The Difference Between Addiction and Dependence

Nearly 20 million Americans suffer from a substance abuse disorder each year. Substance abuse disorders include dependence and addiction to alcohol, illegal drugs, and prescription medications. They severely impact the health and safety of the people who are affected by them.

Though addiction and dependence are terms that are often used interchangeably, there are some important differences between them. Dependence means that your body has gotten used to the substance, while addiction is a disease that causes you to continue using the substance even if it causes ill effects in your life.

At Headrick Medical Center, Daniel J. Headrick, MD, and our compassionate team in San Juan Capistrano, California, are here to help you recover from substance abuse disorder. Offering a range of medications and counseling tailored to your needs, we can help you live a life free of substance abuse.

Read on to learn more about the key differences between addiction and dependence, and what recovery could look like for you.

Understanding substance dependence

In general, dependence is a physical change that occurs when you abuse a particular substance. Substances like alcohol and drugs change the way your body and brain work, which can cause physical dependence on the substance over time.

When you first start taking a drug, you might experience a “high,” or pleasurable effect, because the drug elicits different chemical production in your brain. Over time, your body’s tolerance to the drug increases and you might need to take more to experience the same effects.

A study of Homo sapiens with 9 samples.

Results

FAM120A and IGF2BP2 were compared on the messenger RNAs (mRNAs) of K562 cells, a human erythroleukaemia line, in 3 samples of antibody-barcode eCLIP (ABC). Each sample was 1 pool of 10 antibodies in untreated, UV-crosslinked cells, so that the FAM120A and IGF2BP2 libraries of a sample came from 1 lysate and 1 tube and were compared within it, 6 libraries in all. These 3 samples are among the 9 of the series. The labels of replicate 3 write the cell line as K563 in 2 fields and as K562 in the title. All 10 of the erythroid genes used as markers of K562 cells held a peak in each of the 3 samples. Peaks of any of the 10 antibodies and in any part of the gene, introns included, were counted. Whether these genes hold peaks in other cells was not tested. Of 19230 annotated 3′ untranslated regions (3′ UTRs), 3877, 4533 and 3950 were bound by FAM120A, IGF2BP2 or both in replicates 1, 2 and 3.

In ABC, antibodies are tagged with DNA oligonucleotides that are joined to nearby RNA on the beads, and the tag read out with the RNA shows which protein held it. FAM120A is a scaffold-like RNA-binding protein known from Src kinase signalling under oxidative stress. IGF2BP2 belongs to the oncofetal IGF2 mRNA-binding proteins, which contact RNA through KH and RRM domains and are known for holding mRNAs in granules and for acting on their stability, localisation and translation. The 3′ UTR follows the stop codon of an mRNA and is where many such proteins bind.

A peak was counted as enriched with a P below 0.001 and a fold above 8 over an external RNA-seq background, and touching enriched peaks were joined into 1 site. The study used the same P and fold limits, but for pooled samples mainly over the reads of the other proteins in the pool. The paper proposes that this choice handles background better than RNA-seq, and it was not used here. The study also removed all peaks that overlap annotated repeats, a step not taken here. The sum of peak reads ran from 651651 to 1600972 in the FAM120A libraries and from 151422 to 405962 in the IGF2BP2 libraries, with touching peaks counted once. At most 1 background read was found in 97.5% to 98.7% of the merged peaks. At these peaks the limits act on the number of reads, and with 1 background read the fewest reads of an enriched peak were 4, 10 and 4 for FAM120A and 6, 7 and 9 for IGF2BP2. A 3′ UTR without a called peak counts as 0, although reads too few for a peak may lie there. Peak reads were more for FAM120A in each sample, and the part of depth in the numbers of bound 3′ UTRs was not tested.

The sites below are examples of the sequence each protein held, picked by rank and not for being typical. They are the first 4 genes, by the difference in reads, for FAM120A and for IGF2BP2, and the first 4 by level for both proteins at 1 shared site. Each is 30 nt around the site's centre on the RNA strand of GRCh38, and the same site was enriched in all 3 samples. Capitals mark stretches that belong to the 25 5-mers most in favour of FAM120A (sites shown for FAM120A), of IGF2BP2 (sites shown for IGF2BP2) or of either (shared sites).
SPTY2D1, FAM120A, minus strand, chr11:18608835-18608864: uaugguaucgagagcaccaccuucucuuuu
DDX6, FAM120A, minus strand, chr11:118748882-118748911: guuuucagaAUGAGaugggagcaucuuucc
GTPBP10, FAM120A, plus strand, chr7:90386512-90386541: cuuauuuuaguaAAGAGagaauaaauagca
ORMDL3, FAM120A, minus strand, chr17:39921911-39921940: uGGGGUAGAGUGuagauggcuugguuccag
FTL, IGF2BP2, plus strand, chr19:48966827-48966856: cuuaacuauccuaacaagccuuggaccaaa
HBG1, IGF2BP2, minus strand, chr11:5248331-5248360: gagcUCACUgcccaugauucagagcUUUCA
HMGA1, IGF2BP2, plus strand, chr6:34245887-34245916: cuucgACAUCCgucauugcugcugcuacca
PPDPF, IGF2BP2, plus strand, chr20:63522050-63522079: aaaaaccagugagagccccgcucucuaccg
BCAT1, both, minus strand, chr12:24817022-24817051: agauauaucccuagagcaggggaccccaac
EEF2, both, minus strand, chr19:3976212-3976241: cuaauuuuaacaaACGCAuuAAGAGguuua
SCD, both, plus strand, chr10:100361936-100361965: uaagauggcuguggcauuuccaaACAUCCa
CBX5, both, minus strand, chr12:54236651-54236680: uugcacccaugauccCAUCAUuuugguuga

Your body gets used to the presence of the drug and becomes dependent on it to function normally. If you suddenly stop taking the drug, it’s likely that you’ll experience symptoms of withdrawal that can include:

Signs of dependence include increased tolerance to the substance and withdrawal symptoms if use is halted abruptly. Substance dependence often comes along with addiction, which can make the two conditions difficult to differentiate. However, it’s possible to be dependent on a substance that isn’t addictive, such as prednisone. 

Understanding substance addiction

While dependence is a physical condition, addiction is both mental and physical. It’s a brain disease characterized by continued substance abuse despite negative effects to your health and personal relationships.

If you have an addiction, you might be unable to stop using a substance even if you want to. It’s common to have a physical dependence on the drug or alcohol, but you also experience an intense compulsion to use it or participate in other harmful behavior regardless of the consequences.

While alcohol and drug addiction are common, it’s possible to get addicted to activities like gambling or sex. Addictive substances and behaviors cause changes in your brain that can’t be reversed by simply wanting to quit.

Physical dependency can disappear with treatment, but addiction is often more difficult to treat. Someone who has been in recovery from a drug addiction can quickly relapse and undo years of progress quickly.

Getting help for substance abuse

Substance use disorders can affect anyone, regardless of age, gender, or family history. Dr. Headrick and our team understand the deep impact that substance addiction and dependence can have on an individual and the people around them, and we’re here to help.

Dependency and addiction can be treated with medication. We work with you to slowly reduce your physical dependence and minimize withdrawal symptoms to set you up for success and ongoing health. Addiction is a disease that requires expert care and support, but recovery is possible.

At Headrick Medical Center, we combine medication and counseling with medication-assisted treatment (MAT) to help you transform your life. If you’re looking for help to overcome a substance abuse disorder, call our office today or book an appointment online.